Modified Multispectral Sensors
Modified sensors are created by placing a filter on a standard visual sensor, which collects three bands of light at once through the same lens. Various filters allow for the capture of different combinations of spectral bands. The most common formats sacrifice one of the visual bands to record near-infrared information (NIR). For example, an R-G-NIR filter sacrifices blue for near-infrared energy (~700 - 800 nm).
Multiband Multispectral Sensors
A multiband multispectral sensor simultaneously collects several individual bands instead of a single combination of three bands, as with standard or modified visual sensors. Where you might need to fly multiple drone flights with various modified sensors to capture all the multispectral data you need, you can collect everything in a single drone flight using a multiband sensor.
Typically reserved for crop science and research applications, hyperspectral sensors are like multiband multispectral sensors, in that they collect light data in multiple bands. However, hyperspectral sensors collect light in a series of 100-to-200 narrow bands--about 5-10 nm in width--to attain a high level of performance in spectral and radiometric accuracy.
The datasets produced by hyperspectral imagers are in the form of a three-dimensional hypercube in which two dimensions represent the spatial information (x,y) and the third dimension representing the spectral information. You can use this detailed spectral information to identify subtle differences in vegetation, minerals and other materials.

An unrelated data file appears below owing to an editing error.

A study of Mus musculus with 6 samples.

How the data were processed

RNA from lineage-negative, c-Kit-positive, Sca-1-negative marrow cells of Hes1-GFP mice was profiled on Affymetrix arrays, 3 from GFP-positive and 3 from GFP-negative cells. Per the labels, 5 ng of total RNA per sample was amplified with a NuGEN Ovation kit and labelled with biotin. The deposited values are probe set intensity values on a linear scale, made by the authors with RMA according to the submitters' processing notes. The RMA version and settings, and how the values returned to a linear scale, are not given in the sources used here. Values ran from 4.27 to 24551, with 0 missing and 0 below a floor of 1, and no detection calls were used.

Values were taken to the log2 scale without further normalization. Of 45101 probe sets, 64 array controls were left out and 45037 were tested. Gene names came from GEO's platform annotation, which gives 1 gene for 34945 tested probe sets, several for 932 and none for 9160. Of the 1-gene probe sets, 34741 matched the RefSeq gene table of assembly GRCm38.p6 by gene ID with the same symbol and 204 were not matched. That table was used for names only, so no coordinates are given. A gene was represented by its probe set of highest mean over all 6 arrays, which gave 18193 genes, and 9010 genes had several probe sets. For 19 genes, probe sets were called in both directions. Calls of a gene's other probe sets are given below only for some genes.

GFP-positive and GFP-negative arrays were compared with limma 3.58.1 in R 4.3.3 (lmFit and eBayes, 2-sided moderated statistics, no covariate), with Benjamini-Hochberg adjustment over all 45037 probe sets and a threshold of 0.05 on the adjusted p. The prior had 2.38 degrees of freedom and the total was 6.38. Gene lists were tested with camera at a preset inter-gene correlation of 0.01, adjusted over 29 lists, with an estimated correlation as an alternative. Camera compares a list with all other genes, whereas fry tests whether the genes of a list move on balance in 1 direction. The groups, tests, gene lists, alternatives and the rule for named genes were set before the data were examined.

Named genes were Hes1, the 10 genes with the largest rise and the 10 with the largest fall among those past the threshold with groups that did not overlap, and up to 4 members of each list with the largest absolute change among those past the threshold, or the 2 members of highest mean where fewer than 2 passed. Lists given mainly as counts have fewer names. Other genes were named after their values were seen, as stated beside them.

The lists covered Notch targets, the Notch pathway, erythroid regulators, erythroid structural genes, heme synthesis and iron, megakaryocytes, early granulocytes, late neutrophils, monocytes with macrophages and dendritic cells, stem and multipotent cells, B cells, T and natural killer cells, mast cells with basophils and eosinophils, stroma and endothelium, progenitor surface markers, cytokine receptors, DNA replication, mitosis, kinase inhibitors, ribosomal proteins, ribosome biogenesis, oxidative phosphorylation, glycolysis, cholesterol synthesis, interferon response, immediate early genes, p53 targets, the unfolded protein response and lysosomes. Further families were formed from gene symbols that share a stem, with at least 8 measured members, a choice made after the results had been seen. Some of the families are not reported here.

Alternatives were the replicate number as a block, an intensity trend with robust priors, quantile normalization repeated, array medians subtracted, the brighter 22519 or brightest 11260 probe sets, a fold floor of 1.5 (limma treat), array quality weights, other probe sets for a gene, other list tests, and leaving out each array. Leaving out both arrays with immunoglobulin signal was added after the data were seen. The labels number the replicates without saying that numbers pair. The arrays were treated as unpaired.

Processing Multispectral Sensor Data
By uploading multispectral sensor data into PrecisionAnalytics Agriculture, our mapping and data analytics platform, you can transform the various bands of multispectral data into indices that indicate vegetation health and stress. Indices require varying amounts of spectral data.
For example, a basic Normalized Difference Vegetation Index (NDVI) can be applied to basic red-green-blue (RGB) visual imagery captured by a regular camera. However, NDVI has its limitations. To gain a more accurate measure of crop health, you can deploy a multiband multispectral sensor, that includes near-infrared and infrared wavelengths of light, enabling you to run a Normalized Difference Red Edge (NDRE) vegetation index. This is better for mid- and late-season crops, which have greater accumulated levels of chlorophyll and multiple layers of vegetation.
Choosing a Multispectral Sensor
So, choosing a multispectral sensor to deploy on your drone often comes down do your desired analysis and the vegetation index it dictates is best suited to the use. In some cases, a simple visual sensor and NDVI output will do. But, when greater clarity is required, such as in the case of mid- and late-season crops or areas of interest that variable soil, a more sophisticated vegetation index will call for you to deploy a multiband multispectral sensor on your drone.